Dermot Morgan 18th February 1998 Soho.
It’s difficult to believe it’s been 17 years since Dermot Morgan the eponymous hero of Father Ted died. I happened to photograph Dermot a few days days before his untimely death of a heart attack at 45. I loved the program but my enthusiasm for meeting ‘Father Ted’ was tempered by fatigue.
We’d just moved house and were adjusting to the sleepless nights that come with young children.
The 5 miles from my house in Hackney to the West End were a daze.
It was only at Calumet (I think they were called KJP back then) buying film that I realised I’d left my equipment at home and they had no cameras at the Soho branch.
We hired a portable flash system that I strapped to my then assistant Sarah Dunn and I ran to Jessops and bought a secondhand Fuji 6×9 rangefinder on my credit card thinking I would return the camera the next day. In the carpark adjacent to the cafe where we were due to meet, we plugged in the lights.
There was a pop and then they started smoking. We were now late and it was getting dark.
Sometimes, I experience scenarios like this, in anxious, panic ridden dreams from which I’m always relieved to wake. Now it was happening for real. Although magazines usually wanted colour, I decided to shoot B&W and hand-held. My Tri-X film rated at 1600asa.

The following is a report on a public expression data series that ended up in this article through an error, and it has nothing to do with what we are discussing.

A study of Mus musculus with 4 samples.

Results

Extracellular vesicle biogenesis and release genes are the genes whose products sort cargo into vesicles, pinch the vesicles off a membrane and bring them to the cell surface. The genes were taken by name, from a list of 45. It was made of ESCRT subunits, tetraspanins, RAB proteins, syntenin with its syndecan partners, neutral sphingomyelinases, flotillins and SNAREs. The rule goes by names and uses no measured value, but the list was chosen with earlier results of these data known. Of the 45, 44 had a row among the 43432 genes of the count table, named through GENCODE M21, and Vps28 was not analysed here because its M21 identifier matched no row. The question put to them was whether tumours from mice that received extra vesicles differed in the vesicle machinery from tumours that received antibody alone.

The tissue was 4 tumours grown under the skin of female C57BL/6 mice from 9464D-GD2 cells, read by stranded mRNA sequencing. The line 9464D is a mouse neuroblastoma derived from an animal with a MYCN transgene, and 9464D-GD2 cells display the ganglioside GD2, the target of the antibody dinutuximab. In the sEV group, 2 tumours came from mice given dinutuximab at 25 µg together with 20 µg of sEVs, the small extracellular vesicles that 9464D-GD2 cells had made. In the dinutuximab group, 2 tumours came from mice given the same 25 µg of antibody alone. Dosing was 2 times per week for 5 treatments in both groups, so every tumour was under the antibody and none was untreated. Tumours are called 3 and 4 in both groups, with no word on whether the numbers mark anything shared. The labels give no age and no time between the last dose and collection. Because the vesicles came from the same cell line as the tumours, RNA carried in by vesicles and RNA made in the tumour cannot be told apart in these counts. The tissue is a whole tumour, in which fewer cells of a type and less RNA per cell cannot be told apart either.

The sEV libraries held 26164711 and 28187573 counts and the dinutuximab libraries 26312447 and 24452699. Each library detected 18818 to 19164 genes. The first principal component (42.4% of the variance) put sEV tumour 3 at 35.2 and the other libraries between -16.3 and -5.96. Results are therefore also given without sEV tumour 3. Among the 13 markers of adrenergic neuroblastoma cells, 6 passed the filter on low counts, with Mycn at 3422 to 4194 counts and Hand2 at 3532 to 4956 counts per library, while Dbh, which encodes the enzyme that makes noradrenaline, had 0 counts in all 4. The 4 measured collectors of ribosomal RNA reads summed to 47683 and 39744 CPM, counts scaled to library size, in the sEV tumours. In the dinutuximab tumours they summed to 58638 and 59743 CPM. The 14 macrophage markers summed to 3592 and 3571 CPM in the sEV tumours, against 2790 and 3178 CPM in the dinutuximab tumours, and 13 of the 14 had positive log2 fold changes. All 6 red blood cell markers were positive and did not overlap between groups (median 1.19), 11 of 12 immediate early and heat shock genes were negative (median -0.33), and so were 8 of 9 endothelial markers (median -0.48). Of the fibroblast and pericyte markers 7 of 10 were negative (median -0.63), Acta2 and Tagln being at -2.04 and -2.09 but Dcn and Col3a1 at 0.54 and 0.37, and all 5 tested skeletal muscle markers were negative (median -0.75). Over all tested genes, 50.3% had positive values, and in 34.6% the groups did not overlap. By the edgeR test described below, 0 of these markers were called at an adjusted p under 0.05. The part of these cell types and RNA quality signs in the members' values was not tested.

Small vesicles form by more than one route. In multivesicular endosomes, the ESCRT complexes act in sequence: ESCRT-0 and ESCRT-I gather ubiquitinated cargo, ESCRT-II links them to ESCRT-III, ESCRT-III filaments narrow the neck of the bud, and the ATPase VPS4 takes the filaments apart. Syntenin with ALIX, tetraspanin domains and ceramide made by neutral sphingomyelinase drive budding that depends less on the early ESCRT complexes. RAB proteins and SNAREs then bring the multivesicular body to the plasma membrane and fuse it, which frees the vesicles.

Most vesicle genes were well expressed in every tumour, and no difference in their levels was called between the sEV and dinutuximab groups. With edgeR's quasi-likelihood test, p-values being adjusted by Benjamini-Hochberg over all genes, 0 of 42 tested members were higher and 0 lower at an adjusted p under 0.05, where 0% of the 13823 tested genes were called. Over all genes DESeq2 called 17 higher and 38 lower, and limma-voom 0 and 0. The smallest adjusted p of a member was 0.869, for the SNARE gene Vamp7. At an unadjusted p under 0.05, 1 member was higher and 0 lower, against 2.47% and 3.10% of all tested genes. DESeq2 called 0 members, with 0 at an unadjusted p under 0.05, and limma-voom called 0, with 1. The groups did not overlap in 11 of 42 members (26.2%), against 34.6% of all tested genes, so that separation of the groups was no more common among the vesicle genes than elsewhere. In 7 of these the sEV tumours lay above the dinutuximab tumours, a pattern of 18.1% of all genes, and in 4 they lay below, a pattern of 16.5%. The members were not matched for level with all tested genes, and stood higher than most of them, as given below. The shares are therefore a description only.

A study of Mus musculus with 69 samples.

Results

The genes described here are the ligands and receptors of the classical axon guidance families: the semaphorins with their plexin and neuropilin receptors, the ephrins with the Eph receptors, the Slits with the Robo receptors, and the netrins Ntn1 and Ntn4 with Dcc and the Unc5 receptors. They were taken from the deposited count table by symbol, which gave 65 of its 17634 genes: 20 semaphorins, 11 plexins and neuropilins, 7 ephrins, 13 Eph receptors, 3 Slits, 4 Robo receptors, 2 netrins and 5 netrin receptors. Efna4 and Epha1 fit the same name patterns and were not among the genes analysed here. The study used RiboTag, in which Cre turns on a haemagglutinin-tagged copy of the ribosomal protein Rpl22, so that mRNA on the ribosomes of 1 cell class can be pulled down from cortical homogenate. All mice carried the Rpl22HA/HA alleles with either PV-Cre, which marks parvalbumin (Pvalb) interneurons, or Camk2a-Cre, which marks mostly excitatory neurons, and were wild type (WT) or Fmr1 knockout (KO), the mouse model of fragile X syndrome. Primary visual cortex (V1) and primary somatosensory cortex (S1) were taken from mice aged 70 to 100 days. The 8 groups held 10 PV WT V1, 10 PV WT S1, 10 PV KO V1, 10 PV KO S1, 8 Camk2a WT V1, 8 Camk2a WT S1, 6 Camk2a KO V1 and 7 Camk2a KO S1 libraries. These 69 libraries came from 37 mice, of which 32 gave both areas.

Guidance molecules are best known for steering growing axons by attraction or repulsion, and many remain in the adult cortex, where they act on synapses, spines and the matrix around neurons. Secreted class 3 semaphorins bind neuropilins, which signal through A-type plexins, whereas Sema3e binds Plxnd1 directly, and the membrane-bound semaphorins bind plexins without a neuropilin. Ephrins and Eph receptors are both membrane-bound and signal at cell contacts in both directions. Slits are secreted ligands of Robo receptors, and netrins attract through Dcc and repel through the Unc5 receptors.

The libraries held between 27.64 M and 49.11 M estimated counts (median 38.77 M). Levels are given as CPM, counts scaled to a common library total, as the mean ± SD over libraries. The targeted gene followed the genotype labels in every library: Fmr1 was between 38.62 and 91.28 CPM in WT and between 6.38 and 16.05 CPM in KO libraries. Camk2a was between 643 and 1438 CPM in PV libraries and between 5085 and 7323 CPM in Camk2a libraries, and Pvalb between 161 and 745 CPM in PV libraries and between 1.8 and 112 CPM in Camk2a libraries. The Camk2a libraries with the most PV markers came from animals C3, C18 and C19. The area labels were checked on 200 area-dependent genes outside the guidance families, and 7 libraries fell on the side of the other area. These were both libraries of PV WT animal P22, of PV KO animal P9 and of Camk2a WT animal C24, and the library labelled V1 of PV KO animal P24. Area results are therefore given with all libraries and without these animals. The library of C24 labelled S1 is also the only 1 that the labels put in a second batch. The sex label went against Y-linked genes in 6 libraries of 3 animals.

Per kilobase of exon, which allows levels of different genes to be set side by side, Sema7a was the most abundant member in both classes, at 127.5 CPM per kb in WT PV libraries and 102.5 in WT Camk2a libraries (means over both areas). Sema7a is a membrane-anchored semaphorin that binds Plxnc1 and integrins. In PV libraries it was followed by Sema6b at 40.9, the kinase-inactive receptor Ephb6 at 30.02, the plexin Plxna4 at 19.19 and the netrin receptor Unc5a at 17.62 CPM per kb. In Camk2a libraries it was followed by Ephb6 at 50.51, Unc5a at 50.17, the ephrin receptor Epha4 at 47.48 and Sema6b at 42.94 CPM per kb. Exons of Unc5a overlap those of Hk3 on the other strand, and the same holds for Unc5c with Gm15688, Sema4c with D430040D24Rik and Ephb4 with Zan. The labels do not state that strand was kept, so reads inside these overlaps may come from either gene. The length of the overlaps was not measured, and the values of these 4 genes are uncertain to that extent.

The pre-shoot madness meant I didn’t really calm down and spent a frantic 20 minutes darting around damp streets, shooting in the seedy doorways before being moved on. Although Dermot was easy-going and compliant, it was a slightly melancholic shoot and we said our goodbyes as it started to rain.
Driving home I pondered how I would explain to the Sunday Times the obvious photographic shortcomings.
10 days later and his death was all over the news. The article became a eulogy. The pictures seemed to have a poignancy that would have been missing were they in colour or lit with flash. Sometimes in a difficult situation you learn more than when things go really well. I decided not to return the camera.